Taylor’d To Perfection…

Did you know that every Friday night the Whitney Museum of American Art is Pay-What-You-Wish between 7-10pm?

Such a treat.

We headed downtown for dinner and to get a glimpse of the new Henry Taylor exhibit, Henry Taylor: B Side.

I find the man and his work fascinating and not reflective of the title. Being in the music business, companies often put a less stellar track on the B side, one that will most likely get lost in the shuffle.

Taylor’s works sing and stay with you like the lyrics of a great song.

For more than thirty years, the Los Angeles–based artist, born in 1958 and one of eight children, has portrayed people from widely different backgrounds…family members, friends, neighbors, celebrities, politicians and strangers all with a mixture of raw immediacy and tenderness.

Taylor’s paintings, executed quickly and instinctually from memory, newspaper clippings, snapshots, and in-person sittings, are light-hearted, intimate, and at times, somber. He combines bold color, intimate detail and loose brushstrokes to create paintings that feel alive.

Taylor relates to his subjects, capturing their mood, social milieu in many life-size images, guided by a deep-seated empathy for people and their experiences.

Taylor offers a view of everyday life in the United States that is grounded in the experiences of his own community, including incarceration, poverty and often deadly interactions with police that disproportionately affect Black Americans.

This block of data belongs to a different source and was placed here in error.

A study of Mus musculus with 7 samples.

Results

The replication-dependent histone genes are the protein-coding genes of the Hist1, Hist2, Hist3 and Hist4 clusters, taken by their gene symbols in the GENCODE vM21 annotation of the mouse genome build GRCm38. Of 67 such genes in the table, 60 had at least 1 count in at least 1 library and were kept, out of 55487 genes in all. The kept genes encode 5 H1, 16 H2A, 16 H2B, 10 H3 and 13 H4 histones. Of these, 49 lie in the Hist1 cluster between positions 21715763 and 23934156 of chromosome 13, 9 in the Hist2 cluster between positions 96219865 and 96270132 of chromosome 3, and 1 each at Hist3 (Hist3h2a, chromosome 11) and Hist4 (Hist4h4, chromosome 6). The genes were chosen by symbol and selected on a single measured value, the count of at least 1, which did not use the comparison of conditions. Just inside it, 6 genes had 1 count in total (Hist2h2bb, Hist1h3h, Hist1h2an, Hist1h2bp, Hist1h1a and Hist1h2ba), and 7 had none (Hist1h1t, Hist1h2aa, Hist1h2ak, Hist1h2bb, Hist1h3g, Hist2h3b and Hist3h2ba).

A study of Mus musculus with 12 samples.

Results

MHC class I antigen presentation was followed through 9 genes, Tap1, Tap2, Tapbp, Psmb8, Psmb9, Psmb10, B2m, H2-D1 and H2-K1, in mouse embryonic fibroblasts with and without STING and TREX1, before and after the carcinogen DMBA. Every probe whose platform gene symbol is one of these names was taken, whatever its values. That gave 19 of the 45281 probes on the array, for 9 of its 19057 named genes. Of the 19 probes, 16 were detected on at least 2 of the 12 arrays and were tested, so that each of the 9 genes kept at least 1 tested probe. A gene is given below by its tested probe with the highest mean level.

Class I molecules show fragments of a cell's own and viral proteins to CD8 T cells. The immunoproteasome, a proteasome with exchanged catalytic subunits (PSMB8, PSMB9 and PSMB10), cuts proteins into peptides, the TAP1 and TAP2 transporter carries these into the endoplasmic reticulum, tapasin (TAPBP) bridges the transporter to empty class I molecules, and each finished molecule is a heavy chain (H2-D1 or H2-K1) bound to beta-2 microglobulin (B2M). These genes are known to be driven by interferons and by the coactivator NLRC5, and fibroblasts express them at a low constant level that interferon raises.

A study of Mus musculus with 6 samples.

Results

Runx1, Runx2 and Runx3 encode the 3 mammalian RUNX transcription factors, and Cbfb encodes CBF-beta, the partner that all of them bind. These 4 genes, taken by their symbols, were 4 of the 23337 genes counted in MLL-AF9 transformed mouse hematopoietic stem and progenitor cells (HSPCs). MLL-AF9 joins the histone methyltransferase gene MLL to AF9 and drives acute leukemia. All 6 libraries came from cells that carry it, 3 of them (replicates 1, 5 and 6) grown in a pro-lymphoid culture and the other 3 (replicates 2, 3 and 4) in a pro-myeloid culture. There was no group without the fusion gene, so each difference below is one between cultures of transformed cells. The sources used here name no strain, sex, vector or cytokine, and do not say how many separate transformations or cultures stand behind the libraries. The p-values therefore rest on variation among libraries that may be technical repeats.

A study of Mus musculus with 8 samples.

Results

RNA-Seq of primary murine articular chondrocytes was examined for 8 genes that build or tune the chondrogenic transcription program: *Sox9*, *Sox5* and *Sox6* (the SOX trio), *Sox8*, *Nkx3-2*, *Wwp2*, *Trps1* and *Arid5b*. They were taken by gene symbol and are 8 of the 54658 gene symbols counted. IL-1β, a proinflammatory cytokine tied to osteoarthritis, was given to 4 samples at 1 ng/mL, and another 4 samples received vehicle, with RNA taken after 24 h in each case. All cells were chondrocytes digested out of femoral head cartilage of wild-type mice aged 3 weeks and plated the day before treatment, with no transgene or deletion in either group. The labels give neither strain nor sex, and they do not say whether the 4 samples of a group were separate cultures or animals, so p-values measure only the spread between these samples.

Born in Ventura, California, Taylor grew up nearby in Oxnard. While studying art at Oxnard Community College and later the California Institute of the Arts (CalArts), he worked at the Camarillo State Mental Hospital as a psychiatric technician for a decade on the night shift and sketched many of the patients.

He later moved to downtown Los Angeles becoming a key figure in the developing artist community.

Take the tour:

Jackie Robinson
Henry’s stove. He cooked a lot. His mother taught him. He found her name, Cora, in the cornbread.
Martin Luther King & Family
“The Times Thay Aint a Changing, Fast Enough!” (2017), a portrait and a passionate appeal for Philando Castile, the police shooting victim.
Alice Coachman, historic track star who won a Gold Metal in high jump at the 1948 London Olympics.
Self Portrait. He modeled it after Henry VIII which was his nickname.
Taylor with his son and daughter.

Henry Taylor: B Side Whitney Museum of American Art 99 Gansevoort Street New York City. Open Tuesday-Sunday 10:30am-6pm. Friday nights until 10pm. Henry Taylor: B Side Exhibit runs through January 28th, 2024.


  1. Do you happen to know the name of the painting with the man and a sign “Dog Father Dog food” standing in front of a mic????